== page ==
Boston University Tanglewood Institute Presents 40th Anniversary Gala Concert in Ozawa Hall

Contact: Ellen Carr, 617-353-8783 |

(Boston) — The Boston University School of Music celebrates the 40th anniversary of the Tanglewood Institute, its prestigious summer music school for gifted high school students, with a gala concert featuring several accomplished alumni of the program. The concert will take place on Saturday, July 29, at 2:30pm. Alumnus James Gaffigan, assistant conductor of The Cleveland Orchestra and Ann Howard Jones, Professor of Music and Director of Choral Activities in the University’s School of Music, will conduct. Several BUTI alumni are featured soloists on the program, including: Matthew Gaunt, tuba player with prestigious ensembles Proteus 7 and Burning River Brass; Georgia Jarman, internationally acclaimed coloratura soprano; Katherine Jolly, soprano and winner of the 2006 Metropolitan Opera National Council Auditions; Brenda Patterson, noted recitalist and operatic mezzo-soprano; and Owen Young, cellist with the Boston Symphony Orchestra. Composer Nico Muhly will also premiere a new work on the concert.

Gala Concert Program
Saturday, July 29, 2:30pm
Ozawa Hall, Tanglewood Main Grounds

Young Artists Orchestra
James Gaffigan, conductor

Young Artists Chorus
Ann Howard Jones, conductor

Young Artists Wind Ensemble
H. Robert Reynolds, conductor

Nico Muhly It Remains To Be Seen – world premiere

Poulenc Gloria – Katherine Jolly, soprano

Dvorak Silent Woods for solo cello and orchestra – Owen Young, cello

Plog Three Miniatures for tuba and wind ensemble—Matthew Gaunt, tuba

Rossini Duet from Tancredi –Georgia Jarman, soprano and Brenda Patterson, mezzo-soprano

Strauss Salome’s Dance, op. 54

Tickets to the July 29, 2006 Ozawa Hall concert are $11. They can be purchased at the door, ninety minutes prior to the concert. Advance reservations can be made by calling 413-637-1430.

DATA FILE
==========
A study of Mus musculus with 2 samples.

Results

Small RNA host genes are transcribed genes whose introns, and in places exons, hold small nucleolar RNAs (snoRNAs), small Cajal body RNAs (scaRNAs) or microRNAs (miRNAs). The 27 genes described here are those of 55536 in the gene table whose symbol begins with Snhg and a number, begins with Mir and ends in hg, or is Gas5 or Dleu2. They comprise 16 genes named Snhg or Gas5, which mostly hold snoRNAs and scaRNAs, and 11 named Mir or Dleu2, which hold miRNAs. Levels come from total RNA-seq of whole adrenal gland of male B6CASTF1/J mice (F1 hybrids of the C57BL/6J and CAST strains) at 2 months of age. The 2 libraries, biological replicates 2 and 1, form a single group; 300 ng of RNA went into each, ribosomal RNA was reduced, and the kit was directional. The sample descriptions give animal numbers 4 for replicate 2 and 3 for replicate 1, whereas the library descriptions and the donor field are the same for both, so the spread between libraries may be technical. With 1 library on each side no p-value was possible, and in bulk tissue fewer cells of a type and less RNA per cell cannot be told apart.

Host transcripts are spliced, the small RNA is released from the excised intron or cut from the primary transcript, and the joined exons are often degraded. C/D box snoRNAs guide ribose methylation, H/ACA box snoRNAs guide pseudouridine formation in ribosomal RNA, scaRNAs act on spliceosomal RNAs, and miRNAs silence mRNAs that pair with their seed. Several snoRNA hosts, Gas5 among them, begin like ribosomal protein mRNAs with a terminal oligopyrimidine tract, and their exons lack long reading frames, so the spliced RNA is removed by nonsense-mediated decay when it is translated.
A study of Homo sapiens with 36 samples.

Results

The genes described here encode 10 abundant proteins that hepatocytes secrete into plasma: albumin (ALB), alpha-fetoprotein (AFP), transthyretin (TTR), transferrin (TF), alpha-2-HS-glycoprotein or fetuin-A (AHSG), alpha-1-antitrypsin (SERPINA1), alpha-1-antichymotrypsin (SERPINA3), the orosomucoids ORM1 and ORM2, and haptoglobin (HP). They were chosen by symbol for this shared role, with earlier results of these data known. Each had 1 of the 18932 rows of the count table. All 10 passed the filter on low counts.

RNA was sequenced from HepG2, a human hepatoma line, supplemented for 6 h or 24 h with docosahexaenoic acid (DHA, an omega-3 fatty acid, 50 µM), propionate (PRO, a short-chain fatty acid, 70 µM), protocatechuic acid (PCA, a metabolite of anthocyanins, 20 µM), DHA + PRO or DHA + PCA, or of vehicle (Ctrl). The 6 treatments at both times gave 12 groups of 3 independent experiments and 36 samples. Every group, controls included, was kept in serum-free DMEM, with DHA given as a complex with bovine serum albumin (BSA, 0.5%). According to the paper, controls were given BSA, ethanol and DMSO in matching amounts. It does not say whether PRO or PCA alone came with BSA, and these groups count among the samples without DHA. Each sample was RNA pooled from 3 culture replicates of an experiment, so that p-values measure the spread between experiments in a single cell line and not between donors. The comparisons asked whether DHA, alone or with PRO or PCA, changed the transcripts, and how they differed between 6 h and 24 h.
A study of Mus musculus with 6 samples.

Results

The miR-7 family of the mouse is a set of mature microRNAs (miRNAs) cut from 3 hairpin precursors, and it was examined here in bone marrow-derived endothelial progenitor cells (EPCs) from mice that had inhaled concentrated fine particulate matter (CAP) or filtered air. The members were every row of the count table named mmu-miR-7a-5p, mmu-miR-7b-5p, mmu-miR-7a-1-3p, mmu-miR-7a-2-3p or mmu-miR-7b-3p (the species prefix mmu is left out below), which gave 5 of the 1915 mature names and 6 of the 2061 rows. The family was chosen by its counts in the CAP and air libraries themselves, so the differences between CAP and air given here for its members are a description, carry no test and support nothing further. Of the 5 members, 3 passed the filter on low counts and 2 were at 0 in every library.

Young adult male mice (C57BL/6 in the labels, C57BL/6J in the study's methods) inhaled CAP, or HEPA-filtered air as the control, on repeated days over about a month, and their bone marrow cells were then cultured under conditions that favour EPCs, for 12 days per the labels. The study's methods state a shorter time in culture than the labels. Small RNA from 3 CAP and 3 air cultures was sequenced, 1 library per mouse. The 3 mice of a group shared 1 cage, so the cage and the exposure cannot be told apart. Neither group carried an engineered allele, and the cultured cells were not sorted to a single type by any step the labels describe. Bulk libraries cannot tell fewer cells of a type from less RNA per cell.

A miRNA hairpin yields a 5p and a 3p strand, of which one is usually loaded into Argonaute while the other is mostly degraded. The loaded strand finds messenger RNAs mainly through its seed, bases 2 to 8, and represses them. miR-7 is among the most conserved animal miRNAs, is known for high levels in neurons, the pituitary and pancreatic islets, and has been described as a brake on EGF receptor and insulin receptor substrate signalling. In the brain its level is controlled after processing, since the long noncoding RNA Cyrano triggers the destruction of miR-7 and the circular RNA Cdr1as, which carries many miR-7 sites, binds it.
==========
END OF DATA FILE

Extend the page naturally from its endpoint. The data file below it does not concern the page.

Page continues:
The gala concert is part of the BU Tanglewood Institute anniversary celebration, which takes place on the weekend of July 28-30 with activities that integrate the program’s past with its present, highlighting its strong record of achievement in training the next generation of classical musicians. Other weekend events include an alumni reunion, master classes, and panel discussions.

The Boston University Tanglewood Institute (BUTI) located in Lenox, Massachusetts is among the nation’s most competitive summer music schools for serious musicians of high school age. Each summer, BUTI enrolls approximately 350 high school musicians who meet rigorous audition requirements for admission, to programs that offer an intensive and inspirational experience of study, practice and performance. They come from all 50 states and several foreign countries. The eight-week season begins with a series of workshops for individual instruments and string quartets, and continues with the Young Artists Orchestra, Wind Ensemble, Vocal, Composers, Piano and Harp seminar programs. A distinguished faculty of artist-teachers provide professional standards of instruction while also serving as role models.

Since its inception, BUTI has enjoyed a fruitful relationship with the Boston Symphony Orchestra (BSO) at its Tanglewood summer home. Many BSO members are on the Institute’s faculty, several direct workshops, and many provide private instruction. BUTI students have access to the concerts given by the BSO, the Tanglewood Music Center (BSO’s program for advanced musical study) and the many recitals by world class artists in Ozawa Hall. The professional standards of its curriculum and the unlimited access to the concerts of the Tanglewood Music Festival combine to distinguish BUTI among summer music programs.

The BU Tanglewood Institute is based in the Boston University School of Music, one of three schools that make up the College of Fine Arts, a conservatory-style school within a major research university, offering professional training in Music, Theatre, and Visual Arts to undergraduate and graduate students, complemented by a liberal arts curriculum for undergraduate students.